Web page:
Another approach to the film has been to focus on it purely as a cinematic text. This has led to a good deal of work which considers the various technical innovations and manipulations of cinematic form which distinguish Citizen Kane. In the most reductive instances the film has almost been seen as a training manual for would-be directors, providing a catalogue of the differing effects of tone and atmosphere which cinema can achieve. In Richard Barsam’s Looking at Movies it is the use of sound which comes under scrutiny, particularly in the party sequence at the offices of the Inquirer (Barsam 2007: 306–11). For Robert Kolker, it is the highly distinctive deployment of deep-focus photography in the arrangement of shot compositions which calls for close examination (Kolker 2006: 70–4). Bordwell and Thompson’s now classic Film Art: An Introduction instead turns its attention to the narrative construction of Citizen Kane, systematically breaking this down into ‘segments’ to illustrate the complexities of its construction and the sophisticated handling of time transitions (Bordwell and Thompson 2004: 91–102).
It is certainly understandable that the film has been read as a technical tour de force. From the use of ceilinged sets and fly-away scenery, through the overlapping dialogue (which Welles had previously used as a director and actor with his Mercury Players theatre company), to the barrage of acute camera angles, swooping crane shots and startling lighting effects, the film offers a shot-by-shot repertoire of dazzling cinematic devices. This may account also for the often repeated claim that the film’s principle weakness lies in the emotional coldness which arises as a consequence of Welles’ fascination with surface effects. In contrast, it is precisely these qualities which account for the film’s continuing fascination according to Peter Wollen. For Wollen, all other interpretations are ultimately flawed and it is only for ‘its virtuosity, its variety of formal devices and technical innovations and inventions’ that it can be considered a film landmark. Wollen sees it almost as a work of cinematic abstraction, whose importance lies in its ‘elaboration of a formal poetic … a text which is a play with meaning rather than a vehicle for it’ (Wollen 1998: 29). Wollen is dismissive of evaluations which seek to place Citizen Kane in any wider social or cultural context. In retrospect, his essay is symptomatic of dominant theoretical trends in film studies during the 1970s and few would be likely to support his position today. It seems eminently sensible to suggest that the film might be seen as a product of the Hollywood studio system in the classical period. Even the technical qualities which Wollen celebrates are in part a consequence of the resources which RKO put at Welles’ disposal. Welles acknowledged this by giving his cinematographer, Gregg Toland, equal billing with himself on the film’s end credits.
Other film historians, including Kael, have chosen to examine Welles’ use of William Randolph Hearst as a source for the film’s content, or considered the attempts made by Hearst to suppress the film and have Welles ostracised by Hollywood. Such approaches acknowledge the complex relationship between Welles and the studio system which both furnished him with the opportunity to create Citizen Kane and then set about making sure that he would never be given such a free hand again.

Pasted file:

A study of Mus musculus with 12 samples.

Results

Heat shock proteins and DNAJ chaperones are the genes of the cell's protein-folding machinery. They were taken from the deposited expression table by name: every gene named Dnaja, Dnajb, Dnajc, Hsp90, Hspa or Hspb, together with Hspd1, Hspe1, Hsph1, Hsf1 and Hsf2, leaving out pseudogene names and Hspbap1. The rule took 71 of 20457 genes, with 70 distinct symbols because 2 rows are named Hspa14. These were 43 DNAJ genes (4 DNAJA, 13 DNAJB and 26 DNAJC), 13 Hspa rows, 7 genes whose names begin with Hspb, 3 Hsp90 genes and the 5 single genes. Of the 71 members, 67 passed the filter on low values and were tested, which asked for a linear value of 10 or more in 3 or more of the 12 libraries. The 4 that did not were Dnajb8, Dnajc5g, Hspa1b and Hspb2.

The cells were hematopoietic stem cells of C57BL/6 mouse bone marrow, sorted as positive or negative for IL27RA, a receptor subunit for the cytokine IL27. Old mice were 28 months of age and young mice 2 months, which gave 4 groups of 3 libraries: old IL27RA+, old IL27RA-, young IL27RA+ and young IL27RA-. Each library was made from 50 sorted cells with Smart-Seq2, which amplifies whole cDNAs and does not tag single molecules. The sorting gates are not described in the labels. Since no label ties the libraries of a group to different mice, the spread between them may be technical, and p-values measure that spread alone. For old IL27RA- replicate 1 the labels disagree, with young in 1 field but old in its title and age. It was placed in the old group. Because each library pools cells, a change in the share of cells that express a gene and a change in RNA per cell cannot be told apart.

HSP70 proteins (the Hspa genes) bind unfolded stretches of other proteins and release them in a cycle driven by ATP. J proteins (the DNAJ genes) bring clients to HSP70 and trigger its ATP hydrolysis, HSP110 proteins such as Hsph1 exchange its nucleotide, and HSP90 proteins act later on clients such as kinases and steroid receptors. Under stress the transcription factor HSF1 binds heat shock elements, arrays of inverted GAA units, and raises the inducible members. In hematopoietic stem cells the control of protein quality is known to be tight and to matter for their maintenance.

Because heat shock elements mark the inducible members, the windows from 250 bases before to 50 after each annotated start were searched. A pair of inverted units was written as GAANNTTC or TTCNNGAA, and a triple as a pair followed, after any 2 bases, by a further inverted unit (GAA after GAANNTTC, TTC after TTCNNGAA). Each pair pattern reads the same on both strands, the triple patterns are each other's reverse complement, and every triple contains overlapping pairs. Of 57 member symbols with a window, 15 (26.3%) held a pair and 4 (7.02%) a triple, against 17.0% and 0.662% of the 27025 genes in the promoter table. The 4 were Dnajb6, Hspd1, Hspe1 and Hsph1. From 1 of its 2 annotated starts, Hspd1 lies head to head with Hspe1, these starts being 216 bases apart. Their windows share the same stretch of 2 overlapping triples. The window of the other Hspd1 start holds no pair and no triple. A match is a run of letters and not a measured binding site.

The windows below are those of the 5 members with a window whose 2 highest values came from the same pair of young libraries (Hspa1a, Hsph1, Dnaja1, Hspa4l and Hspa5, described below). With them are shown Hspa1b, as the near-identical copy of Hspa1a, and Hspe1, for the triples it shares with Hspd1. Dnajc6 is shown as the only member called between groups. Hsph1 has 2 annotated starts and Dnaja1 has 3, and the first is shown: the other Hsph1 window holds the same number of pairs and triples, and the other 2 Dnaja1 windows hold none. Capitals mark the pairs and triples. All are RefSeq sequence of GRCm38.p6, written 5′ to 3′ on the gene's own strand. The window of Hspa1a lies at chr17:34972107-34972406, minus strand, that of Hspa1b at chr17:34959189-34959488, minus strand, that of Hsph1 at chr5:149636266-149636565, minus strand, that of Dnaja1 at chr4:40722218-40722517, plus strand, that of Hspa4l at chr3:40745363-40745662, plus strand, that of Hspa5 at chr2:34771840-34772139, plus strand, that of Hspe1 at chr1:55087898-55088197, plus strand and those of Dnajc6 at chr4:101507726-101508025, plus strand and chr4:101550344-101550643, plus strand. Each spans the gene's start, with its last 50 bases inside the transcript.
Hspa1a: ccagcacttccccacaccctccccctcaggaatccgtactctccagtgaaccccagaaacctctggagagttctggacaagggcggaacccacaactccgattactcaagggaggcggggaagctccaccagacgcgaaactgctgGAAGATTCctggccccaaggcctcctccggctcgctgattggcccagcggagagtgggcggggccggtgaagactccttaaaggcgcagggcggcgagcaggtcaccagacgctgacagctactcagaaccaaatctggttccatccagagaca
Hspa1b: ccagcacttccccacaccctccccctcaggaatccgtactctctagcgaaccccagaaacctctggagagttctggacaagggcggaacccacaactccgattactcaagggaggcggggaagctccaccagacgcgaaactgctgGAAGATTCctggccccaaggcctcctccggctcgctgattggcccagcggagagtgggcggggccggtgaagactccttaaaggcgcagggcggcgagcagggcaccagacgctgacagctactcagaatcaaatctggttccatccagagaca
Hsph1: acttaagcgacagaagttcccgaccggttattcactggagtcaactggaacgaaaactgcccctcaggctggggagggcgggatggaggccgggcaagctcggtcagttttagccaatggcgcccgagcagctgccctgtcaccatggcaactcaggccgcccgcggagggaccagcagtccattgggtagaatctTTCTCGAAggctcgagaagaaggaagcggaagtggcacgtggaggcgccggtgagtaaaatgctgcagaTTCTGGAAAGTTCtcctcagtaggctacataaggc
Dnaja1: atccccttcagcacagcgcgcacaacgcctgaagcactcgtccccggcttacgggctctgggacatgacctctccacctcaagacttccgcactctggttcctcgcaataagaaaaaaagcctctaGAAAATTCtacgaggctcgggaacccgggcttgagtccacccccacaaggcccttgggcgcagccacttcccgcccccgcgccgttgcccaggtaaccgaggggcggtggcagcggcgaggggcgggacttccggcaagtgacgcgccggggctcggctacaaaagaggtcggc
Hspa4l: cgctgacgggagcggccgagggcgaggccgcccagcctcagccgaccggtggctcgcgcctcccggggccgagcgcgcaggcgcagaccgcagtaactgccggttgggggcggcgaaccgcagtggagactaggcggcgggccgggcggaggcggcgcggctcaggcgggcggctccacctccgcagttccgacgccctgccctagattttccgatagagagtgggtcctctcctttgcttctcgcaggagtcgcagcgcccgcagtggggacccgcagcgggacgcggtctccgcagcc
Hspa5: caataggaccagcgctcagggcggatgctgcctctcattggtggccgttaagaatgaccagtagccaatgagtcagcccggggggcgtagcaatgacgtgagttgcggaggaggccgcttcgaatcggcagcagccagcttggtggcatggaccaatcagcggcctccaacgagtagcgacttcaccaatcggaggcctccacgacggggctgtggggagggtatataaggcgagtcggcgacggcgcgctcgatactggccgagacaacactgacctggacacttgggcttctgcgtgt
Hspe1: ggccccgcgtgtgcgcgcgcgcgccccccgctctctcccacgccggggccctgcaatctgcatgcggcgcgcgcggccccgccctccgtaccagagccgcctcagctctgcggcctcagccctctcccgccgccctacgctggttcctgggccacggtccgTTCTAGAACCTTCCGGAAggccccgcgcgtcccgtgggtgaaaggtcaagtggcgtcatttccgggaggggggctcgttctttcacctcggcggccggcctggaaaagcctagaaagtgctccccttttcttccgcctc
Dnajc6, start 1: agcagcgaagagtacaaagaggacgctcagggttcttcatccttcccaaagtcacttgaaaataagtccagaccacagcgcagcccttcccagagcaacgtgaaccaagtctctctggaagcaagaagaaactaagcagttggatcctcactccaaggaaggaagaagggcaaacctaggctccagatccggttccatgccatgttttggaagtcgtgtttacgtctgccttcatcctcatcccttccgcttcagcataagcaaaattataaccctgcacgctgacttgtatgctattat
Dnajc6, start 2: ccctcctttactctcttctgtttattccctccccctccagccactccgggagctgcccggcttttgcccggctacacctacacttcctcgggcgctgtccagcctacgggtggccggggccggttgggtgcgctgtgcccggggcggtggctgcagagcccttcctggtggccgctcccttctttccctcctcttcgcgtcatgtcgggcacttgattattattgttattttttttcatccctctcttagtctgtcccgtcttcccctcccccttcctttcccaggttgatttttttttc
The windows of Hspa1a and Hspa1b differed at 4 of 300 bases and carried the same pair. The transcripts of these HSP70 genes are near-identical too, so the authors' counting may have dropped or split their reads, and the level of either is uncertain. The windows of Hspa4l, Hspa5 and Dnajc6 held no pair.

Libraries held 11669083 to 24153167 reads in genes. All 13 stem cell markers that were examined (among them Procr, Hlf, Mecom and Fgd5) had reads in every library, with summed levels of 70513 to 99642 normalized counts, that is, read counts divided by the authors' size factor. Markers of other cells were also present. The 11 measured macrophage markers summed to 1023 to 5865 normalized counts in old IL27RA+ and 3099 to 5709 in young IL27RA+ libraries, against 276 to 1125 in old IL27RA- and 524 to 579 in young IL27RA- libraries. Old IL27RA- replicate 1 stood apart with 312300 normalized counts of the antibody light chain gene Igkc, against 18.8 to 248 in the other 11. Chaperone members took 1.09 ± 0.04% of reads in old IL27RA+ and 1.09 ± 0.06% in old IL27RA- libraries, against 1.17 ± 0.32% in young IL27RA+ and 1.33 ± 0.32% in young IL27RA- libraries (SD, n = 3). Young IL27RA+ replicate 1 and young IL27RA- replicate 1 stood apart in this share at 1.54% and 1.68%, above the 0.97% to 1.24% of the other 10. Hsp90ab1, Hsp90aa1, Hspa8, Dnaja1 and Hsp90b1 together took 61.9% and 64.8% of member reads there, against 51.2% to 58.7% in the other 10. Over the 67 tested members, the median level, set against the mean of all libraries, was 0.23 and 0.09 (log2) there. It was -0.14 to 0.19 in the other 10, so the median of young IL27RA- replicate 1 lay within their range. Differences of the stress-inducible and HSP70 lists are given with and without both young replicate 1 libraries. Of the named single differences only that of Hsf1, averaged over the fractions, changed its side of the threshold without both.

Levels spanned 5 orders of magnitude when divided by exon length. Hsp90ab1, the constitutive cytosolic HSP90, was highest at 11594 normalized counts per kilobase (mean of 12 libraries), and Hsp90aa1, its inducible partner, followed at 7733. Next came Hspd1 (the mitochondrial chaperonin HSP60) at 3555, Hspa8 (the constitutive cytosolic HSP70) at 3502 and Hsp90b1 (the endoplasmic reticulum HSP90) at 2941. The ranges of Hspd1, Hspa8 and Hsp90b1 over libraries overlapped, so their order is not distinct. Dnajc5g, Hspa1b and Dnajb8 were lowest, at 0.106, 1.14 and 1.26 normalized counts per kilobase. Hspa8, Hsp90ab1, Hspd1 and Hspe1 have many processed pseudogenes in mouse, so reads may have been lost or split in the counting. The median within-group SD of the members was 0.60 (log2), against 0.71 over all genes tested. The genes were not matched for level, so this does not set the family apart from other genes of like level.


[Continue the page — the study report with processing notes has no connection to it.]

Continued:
What this short appraisal has hopefully made abundantly clear is the extraordinary breadth of theoretical approaches which have been applied to Citizen Kane. In addition to those already listed, there is barely space to acknowledge Andre Bazin’s immensely influential analysis of the film which held it up as an example of ‘total cinema’, its use of deep focus and sequence construction combining to produce what Bazin saw as a form of heightened realism.3 Perhaps what all of these viewpoints indicate is that the real reason for the continuing fascination of Citizen Kane is that, rather like the Charles Foster Kane himself, the film is all things to all people; its riches lie its ambiguities and contradictions.
1. See Sight and Sound, Vol. 22, No. 9 (September 2012) for full details of all the polls published to date.
2. See www.afi.com for the full list.
3. See Andre Bazin, Orson Welles: A Critical View, New York, Harper and Row, 1979.
Cast and Crew:
[Country: USA. Production Company: RKO Radio Productions. Director: Orson Welles. Screenwriters: Herman J. Mankiewicz and Welles. Cinematographer: Gregg Toland. Music: Bernard Herrmann. Editor: Robert Wise. Cast: Orson Welles (Charles Foster Kane), Joseph Cotton (Jedediah Leland), Everett Sloane (Bernstein), Dorothy Comingore (Susan Alexander Kane), Ray Collins (James W. Gettys), Agnes Moorehead (Mary Kane), Ruth Warrick (Emily Norton Kane), George Coulouris (Walter Parks Thatcher), Paul Stewart (Raymond).]
James Barsam, Looking at Movies: An Introduction to Film, New York, W.W. Norton, 2007.
David Bordwell and Kristin Thompson, Film Art: An Introduction, New York, McGraw-Hill, 2004.
Pauline Kael, Herman J. Mankiewicz and Orson Welles, The Citizen Kane Book, St Albans, Paladin, 1974.
Robert Kolker, Film, Form, and Culture, New York, McGraw-Hill, 2006.
Laura Mulvey, Citizen Kane, London, BFI, 1992.
James Naremore, ‘The Magician and the Mass Media’ in Jeffrey Geiger and R. L. Rutsky (eds) Film Analysis: A Norton Reader, New York, W.W. Norton, 2005, pp. 340–60.
John Russell Taylor, Orson Welles, London, Pavilion, 1999.
David Thomson, Rosebud: The Story of Orson Welles, London, Abacus, 1997.
Peter Wollen, ‘Introduction to Citizen Kane’ in John Hill and Pamela Church Gibson (eds) The Oxford Guide to Film Studies, Oxford and New York, Oxford University Press, 1998. Originally published in Film Reader, No. 1, 1975, pp. 9–15.
The Routledge Encyclopedia of Films, Edited by Sarah Barrow, Sabine Haenni and John White, first published in 2015.